By Lexi Mcmenamin
Senators Amy Klobuchar (D-MN), Tammy Baldwin (D-WI), and Shelley Moore Capito (R-WV) are asking Facebook CEO Mark Zuckerberg and Instagram head Adam Mosseri to account for what they call “the dangers of Instagram, especially for young people who suffer from eating disorders.”
In light of last week’s congressional testimony from former Facebook employee turned whistleblower Frances Haugen, the senators sent a letter to the social media giants asking about Instagram’s content moderation strategy and resources regarding eating disorders, as well as Instagram’s advertising strategy with young users.
During her testimony, Haugen, who worked on Facebook’s civic integrity team, revealed troubling information on the mental health impact that Facebook and Instagram have on young people, especially young girls.
When Klobuchar asked about Instagram’s impact on eating disorders in young people, Haugen responded, “Facebook knows that they are leading young users to anorexia content.” Haugen also discussed leaked Facebook internal data which found 17% of teen girls said Instagram usage worsened their eating disorder, while 32% said using Instagram worsened bad feelings about their bodies.
Since the hearing, parents and teens have spoken out about what they see as the toxic consequences of Instagram. “Of course Instagram does not cause eating disorders. These are complex illnesses caused by a combination of genetics, neurobiology and other factors,” an Arizona mom named Michelle, going by first name only to protect the privacy of her children, told The Guardian. Still, Michelle called social media a big factor in the struggles of young people like her two teen daughters, who both developed disordered eating issues during the pandemic, with one nearly requiring hospitalization.“[Social media] helps to trigger them and keeps teens trapped in this completely toxic culture,” she said.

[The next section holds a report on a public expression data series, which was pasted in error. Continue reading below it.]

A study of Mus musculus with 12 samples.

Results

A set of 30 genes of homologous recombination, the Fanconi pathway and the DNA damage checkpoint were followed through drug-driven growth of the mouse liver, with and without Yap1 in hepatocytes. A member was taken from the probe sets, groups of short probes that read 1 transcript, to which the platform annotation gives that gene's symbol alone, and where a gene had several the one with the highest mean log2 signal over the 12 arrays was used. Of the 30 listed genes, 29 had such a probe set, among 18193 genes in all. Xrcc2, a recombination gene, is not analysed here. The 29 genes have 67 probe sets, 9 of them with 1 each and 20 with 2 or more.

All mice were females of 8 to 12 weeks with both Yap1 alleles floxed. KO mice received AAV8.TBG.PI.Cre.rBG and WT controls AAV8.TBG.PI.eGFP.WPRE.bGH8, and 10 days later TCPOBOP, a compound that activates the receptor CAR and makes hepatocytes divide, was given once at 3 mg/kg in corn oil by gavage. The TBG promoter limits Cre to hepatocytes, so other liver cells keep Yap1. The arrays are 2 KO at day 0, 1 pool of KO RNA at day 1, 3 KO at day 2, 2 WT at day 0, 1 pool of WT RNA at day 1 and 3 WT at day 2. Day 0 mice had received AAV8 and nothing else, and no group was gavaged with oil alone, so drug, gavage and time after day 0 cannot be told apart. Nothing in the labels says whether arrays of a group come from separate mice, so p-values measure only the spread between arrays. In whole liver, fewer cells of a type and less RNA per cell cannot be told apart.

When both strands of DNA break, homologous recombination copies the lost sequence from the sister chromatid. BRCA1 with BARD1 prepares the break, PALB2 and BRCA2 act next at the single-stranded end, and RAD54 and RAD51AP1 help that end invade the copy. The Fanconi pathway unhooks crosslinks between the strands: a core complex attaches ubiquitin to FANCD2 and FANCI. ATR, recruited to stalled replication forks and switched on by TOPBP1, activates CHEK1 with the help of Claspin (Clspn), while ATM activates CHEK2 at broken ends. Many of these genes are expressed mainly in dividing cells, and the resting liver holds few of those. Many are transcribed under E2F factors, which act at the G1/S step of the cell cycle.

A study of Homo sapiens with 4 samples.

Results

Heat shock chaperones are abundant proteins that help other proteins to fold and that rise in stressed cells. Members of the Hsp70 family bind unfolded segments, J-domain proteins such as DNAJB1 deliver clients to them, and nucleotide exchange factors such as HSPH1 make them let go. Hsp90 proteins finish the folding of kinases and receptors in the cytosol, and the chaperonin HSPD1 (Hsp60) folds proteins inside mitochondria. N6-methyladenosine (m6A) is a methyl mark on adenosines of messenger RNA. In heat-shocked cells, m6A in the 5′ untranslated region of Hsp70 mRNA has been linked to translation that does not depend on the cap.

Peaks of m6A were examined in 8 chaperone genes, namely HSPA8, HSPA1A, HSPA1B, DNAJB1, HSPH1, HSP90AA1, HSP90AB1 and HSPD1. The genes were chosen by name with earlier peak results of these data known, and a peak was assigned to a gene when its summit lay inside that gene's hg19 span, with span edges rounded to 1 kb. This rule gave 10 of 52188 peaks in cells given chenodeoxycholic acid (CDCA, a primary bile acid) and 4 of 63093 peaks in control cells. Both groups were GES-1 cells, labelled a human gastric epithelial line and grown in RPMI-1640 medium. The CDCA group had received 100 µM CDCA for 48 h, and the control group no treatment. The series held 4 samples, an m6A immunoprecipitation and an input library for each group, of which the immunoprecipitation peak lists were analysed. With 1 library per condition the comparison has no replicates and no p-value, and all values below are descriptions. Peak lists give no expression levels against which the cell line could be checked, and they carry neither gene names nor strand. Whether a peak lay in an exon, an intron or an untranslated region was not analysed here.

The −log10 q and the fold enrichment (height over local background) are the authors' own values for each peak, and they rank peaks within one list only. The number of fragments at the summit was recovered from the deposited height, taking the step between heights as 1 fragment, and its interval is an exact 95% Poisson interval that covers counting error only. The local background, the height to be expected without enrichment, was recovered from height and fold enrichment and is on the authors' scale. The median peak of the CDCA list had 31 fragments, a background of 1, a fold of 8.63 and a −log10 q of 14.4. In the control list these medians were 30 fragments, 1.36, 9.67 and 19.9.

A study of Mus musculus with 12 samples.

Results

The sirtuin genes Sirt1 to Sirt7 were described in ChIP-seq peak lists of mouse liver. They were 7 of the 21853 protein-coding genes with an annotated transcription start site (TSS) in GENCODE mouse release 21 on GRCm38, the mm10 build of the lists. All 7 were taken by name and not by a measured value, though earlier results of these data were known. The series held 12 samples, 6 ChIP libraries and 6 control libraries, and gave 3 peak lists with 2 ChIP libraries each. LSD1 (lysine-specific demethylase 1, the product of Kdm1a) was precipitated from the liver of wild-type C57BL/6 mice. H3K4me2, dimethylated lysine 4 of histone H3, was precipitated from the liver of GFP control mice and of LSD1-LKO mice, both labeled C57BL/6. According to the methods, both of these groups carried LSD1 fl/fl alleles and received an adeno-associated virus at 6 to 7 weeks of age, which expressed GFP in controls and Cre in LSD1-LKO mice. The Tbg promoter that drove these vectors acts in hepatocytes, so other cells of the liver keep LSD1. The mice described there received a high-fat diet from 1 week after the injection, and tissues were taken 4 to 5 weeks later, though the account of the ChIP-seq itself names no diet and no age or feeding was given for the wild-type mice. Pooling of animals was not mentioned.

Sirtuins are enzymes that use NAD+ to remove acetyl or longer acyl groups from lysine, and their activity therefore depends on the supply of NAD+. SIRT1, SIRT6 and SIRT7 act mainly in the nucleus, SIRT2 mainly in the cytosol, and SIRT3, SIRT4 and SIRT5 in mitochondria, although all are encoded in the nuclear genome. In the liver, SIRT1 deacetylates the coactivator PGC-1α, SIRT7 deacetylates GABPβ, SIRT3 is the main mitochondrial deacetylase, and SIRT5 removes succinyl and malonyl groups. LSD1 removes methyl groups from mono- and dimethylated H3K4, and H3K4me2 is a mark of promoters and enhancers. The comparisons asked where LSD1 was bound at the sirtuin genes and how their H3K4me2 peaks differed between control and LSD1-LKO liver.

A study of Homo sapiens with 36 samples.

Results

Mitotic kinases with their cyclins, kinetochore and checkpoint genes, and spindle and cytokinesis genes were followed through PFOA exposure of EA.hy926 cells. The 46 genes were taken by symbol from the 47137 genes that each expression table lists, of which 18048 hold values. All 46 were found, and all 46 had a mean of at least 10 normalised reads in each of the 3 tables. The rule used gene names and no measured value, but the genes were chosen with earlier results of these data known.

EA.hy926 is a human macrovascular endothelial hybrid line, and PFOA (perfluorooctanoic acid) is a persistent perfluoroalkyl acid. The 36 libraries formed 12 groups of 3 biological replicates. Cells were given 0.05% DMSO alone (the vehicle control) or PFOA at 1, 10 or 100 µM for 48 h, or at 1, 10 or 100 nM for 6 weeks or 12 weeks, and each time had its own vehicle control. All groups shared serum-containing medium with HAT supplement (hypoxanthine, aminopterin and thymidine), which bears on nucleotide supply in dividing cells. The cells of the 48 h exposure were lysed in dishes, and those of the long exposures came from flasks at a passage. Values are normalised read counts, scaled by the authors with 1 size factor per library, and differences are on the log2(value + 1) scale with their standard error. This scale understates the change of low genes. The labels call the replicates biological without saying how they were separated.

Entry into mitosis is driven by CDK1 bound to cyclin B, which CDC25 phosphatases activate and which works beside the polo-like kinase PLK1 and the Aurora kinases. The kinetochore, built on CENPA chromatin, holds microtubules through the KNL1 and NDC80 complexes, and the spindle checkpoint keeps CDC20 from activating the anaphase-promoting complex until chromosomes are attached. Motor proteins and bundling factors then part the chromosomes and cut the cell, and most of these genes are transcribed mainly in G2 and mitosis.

The three senators previously collaborated on the 2015 Anna Westin Act, which increased education and resources for those suffering from eating disorders. Anna Westin was a 21-year-old Minnesota resident who died by suicide in 2000 after a five-year struggle with anorexia.
In their letter to Zuckerberg and Mosseri, they write, “The stakes here are incredibly high — studies have found that eating disorders have one of the highest mortality rates of any mental illness. We have long fought to ensure Americans can access treatment services for eating disorders, but more must be done to protect our kids from being exposed to content on Facebook and Instagram that glorifies and promotes eating disorders.”